19 Thoughts I Had While On Hold To A Mental Health Helpline

CN: Mental Health, Depression, Suicide.

Photo via Rowan Neal on Unsplash

“Hold? I’m legitimately being put on hold on a helpline?”

“You are position 1 in the queue. I bet they tell that to everyone.”

“I need a pen. I need a pen and paper in case things get bad.”

“Fucks sake there’s never a pen in this house when you need it.”

“How can you be a writer and never have pen and paper to hand?”

“Damn this is a mellow instrumental. A lot of thought must go into what music can calm people down.”

“God I stink. I haven’t washed in days. I hope they don’t take me into hospital while I stink.”

“Or worse, when my phone battery is low.”

“Am I ok to be having these thoughts when on hold?”

“Fuck imagine if other people are on hold, dozens of souls living in immeasurable pain, waiting for help.”

“Oh the music swapped! To discount Toto — Africa remixes.”

“Man pan flutes are good for calming down.”

“Christ what happened to your handwriting? You’re just scribbling down nonsense here.”

“Seriously a lot of music must go into what music gets played on these lines.”

“Am I paying for this call? On a 0808 number?”

“I suppose it’s only right if I do.”

“Oh shit a dial tone!”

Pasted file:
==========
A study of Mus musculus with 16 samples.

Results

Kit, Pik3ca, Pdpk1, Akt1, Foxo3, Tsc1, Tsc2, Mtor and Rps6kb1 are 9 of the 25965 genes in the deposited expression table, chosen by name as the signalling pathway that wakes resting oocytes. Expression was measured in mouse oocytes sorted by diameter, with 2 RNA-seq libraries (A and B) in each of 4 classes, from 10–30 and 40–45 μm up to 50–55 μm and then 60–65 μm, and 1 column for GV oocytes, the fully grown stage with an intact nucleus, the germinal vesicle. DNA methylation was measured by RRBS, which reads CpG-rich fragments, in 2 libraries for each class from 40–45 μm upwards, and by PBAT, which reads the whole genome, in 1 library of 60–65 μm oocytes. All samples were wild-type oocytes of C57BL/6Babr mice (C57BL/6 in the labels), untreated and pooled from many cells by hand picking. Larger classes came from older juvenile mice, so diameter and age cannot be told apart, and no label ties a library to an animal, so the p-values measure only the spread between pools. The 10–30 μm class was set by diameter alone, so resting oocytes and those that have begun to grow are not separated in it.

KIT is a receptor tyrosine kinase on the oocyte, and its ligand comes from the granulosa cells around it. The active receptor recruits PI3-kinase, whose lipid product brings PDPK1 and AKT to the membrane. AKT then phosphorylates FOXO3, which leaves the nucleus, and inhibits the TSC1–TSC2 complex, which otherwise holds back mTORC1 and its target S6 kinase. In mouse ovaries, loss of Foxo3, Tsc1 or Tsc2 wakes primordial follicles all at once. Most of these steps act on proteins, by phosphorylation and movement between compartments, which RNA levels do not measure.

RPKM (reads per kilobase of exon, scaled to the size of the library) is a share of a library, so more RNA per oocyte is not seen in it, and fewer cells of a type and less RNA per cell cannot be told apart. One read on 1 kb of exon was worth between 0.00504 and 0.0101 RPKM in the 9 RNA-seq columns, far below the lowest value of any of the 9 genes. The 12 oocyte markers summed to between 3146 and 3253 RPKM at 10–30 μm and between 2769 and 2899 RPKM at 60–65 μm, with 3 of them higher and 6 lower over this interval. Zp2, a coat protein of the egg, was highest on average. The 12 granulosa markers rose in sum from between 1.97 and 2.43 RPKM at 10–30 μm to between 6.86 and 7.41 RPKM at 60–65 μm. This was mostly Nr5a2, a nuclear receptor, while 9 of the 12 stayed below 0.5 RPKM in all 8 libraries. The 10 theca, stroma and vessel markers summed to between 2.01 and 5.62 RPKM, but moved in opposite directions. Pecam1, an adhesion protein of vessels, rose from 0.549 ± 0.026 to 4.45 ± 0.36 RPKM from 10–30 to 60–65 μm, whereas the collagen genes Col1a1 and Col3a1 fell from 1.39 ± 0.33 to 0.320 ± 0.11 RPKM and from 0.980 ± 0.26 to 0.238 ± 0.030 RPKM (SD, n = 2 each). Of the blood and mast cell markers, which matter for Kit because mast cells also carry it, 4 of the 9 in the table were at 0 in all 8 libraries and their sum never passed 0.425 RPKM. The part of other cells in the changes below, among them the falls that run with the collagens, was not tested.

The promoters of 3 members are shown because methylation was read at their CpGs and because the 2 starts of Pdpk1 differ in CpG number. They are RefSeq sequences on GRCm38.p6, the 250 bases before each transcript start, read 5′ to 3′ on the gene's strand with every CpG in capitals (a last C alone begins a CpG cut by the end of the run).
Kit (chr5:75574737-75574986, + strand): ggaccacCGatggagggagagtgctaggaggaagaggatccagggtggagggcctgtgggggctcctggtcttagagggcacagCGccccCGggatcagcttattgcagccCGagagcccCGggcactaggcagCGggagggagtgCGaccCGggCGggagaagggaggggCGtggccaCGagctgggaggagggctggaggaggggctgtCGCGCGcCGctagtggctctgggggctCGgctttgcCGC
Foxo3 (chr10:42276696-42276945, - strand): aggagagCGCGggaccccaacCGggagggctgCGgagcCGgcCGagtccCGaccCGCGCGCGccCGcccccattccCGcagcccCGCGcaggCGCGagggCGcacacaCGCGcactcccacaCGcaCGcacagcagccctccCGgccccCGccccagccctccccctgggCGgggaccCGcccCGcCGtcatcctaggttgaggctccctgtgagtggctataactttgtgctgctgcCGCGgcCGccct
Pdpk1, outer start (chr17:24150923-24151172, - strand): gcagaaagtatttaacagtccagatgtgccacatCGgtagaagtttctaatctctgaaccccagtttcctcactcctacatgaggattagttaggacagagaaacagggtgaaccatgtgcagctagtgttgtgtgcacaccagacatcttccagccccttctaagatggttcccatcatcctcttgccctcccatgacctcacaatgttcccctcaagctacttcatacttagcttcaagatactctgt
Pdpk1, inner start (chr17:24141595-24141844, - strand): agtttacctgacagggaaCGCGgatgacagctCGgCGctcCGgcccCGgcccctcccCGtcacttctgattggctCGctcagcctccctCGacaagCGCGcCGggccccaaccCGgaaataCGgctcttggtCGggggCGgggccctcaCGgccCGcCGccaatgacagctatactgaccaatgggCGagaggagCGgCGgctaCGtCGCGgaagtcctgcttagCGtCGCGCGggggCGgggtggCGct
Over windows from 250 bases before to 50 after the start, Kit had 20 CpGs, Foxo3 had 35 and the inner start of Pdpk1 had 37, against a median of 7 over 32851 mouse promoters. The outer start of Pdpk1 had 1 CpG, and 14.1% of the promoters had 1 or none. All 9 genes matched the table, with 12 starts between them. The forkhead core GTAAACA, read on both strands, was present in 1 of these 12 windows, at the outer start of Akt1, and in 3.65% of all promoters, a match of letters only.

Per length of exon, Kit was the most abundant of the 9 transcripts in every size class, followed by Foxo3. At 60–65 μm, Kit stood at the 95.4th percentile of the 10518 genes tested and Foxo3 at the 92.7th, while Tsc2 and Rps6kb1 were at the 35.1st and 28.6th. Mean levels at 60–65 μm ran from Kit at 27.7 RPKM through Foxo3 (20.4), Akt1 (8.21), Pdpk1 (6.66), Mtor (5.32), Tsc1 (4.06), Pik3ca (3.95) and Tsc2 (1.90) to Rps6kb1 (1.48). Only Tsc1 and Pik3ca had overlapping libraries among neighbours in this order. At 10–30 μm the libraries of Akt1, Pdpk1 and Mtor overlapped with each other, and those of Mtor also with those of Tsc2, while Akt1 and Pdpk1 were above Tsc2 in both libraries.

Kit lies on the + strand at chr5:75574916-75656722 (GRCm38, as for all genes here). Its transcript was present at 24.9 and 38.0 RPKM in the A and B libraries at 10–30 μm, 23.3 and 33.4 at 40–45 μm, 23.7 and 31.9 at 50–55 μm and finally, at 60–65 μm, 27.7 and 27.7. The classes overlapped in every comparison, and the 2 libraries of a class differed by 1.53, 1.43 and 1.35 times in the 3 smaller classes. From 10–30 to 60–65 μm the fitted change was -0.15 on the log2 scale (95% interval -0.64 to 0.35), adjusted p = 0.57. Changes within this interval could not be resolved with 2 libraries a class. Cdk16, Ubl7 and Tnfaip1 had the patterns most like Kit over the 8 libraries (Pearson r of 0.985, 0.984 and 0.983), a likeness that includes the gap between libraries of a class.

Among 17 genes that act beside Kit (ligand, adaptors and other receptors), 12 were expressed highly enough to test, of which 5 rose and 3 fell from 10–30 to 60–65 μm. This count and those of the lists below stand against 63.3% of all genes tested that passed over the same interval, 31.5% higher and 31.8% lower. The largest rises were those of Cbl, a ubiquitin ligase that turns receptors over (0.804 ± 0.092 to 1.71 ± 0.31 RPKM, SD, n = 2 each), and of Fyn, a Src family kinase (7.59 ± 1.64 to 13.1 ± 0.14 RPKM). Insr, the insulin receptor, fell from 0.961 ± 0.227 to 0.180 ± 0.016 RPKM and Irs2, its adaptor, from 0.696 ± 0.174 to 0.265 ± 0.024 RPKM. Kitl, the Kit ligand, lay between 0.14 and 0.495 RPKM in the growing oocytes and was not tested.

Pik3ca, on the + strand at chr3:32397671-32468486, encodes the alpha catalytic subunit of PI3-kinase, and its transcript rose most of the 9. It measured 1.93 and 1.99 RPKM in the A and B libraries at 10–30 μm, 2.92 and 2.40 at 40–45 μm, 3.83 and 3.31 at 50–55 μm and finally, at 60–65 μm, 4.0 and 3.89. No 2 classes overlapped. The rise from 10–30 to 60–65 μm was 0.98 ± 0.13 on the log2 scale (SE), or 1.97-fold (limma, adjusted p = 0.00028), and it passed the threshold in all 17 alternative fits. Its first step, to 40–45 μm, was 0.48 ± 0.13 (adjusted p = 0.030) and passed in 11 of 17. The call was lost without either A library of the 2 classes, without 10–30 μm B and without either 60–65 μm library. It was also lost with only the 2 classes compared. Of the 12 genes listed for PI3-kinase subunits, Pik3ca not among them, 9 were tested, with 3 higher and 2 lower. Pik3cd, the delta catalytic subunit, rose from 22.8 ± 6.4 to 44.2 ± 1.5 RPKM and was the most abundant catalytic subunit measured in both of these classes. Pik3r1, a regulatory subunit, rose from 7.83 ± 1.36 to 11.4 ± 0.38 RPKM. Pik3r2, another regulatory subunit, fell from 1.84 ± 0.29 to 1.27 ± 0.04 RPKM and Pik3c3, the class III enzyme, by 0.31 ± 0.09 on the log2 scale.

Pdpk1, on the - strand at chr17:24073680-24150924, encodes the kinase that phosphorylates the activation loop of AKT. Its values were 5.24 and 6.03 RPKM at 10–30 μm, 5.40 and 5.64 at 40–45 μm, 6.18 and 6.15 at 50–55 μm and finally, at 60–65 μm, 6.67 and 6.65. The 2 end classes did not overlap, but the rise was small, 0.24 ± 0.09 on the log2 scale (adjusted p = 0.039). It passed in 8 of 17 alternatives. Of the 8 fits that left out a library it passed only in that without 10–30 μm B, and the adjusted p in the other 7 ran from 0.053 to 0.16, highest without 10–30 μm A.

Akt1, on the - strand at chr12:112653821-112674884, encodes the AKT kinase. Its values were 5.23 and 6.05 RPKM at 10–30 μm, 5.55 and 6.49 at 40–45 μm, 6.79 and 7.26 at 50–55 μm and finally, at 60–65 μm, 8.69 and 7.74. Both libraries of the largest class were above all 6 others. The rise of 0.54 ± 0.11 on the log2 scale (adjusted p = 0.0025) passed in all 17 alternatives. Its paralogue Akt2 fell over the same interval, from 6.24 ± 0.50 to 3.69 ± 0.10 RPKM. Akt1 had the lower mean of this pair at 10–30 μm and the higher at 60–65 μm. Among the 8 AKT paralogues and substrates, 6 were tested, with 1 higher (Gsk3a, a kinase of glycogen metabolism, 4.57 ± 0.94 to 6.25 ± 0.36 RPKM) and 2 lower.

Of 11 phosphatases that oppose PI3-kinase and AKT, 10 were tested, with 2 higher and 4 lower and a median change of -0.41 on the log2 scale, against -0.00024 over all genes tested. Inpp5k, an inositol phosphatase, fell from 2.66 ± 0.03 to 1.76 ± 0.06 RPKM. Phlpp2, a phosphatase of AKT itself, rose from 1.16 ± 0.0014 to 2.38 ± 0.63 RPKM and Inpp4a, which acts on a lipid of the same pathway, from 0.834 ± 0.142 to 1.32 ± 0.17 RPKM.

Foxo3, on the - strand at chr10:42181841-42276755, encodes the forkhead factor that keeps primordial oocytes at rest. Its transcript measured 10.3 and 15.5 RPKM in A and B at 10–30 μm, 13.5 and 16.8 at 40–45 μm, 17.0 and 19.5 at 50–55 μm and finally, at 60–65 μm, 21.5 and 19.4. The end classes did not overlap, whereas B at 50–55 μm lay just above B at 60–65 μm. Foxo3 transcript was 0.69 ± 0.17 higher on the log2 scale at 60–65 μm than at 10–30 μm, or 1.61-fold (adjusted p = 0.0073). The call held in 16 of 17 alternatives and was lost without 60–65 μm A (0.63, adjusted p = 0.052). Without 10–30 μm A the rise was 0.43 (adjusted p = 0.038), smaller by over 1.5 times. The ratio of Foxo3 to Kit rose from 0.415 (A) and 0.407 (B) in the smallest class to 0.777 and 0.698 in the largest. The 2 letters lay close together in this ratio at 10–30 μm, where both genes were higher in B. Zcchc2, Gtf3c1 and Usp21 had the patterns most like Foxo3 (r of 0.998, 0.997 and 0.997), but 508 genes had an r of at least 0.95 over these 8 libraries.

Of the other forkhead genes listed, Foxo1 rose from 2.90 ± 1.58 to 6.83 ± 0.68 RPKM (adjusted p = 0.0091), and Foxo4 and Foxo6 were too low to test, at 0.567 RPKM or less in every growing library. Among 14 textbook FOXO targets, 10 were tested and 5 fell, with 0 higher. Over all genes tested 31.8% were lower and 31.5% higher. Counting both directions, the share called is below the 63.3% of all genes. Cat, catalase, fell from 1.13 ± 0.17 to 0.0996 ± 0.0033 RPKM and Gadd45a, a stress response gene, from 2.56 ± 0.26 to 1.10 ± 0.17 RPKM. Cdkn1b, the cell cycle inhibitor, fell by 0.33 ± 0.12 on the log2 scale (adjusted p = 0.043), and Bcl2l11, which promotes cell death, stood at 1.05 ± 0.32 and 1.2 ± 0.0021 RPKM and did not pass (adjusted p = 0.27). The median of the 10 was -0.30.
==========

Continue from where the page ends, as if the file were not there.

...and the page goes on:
“Do I tell them my real name?”

“I’ll tell them my real name…. Let’s get better.”

Talk to someone if things get really bad

About 4 months into unemployment I cut my hand badly and had to go to hospital. While a lovely A&E nurse stitched me up he asked me if anything was wrong. I explained stuff, how I was living on my own, how I had no job, and how I just felt a bit blue. He recommended I give a helpline a call.

“Sometimes what you need is a caring ear, rather than a wagging tongue”.

Talk to someone if things get bad.

Talk to the wonderful people at the Samaritans,

Charity CALM has a fantastic service too.

Think about talking to your local GP.

Talking to a stranger can sometimes allow people to talk about things they’d normally be reluctant about sharing. You are never alone in this, so explore your options.

If you’re a person who likes to read, The Help Guide has some good practical advice for people living with depression. It may also be useful to take a look at the University of Exeter’s Clinical psychology department — its Mood Disorder Clinic is good for both advice and useful resources for people trying to figure it all out.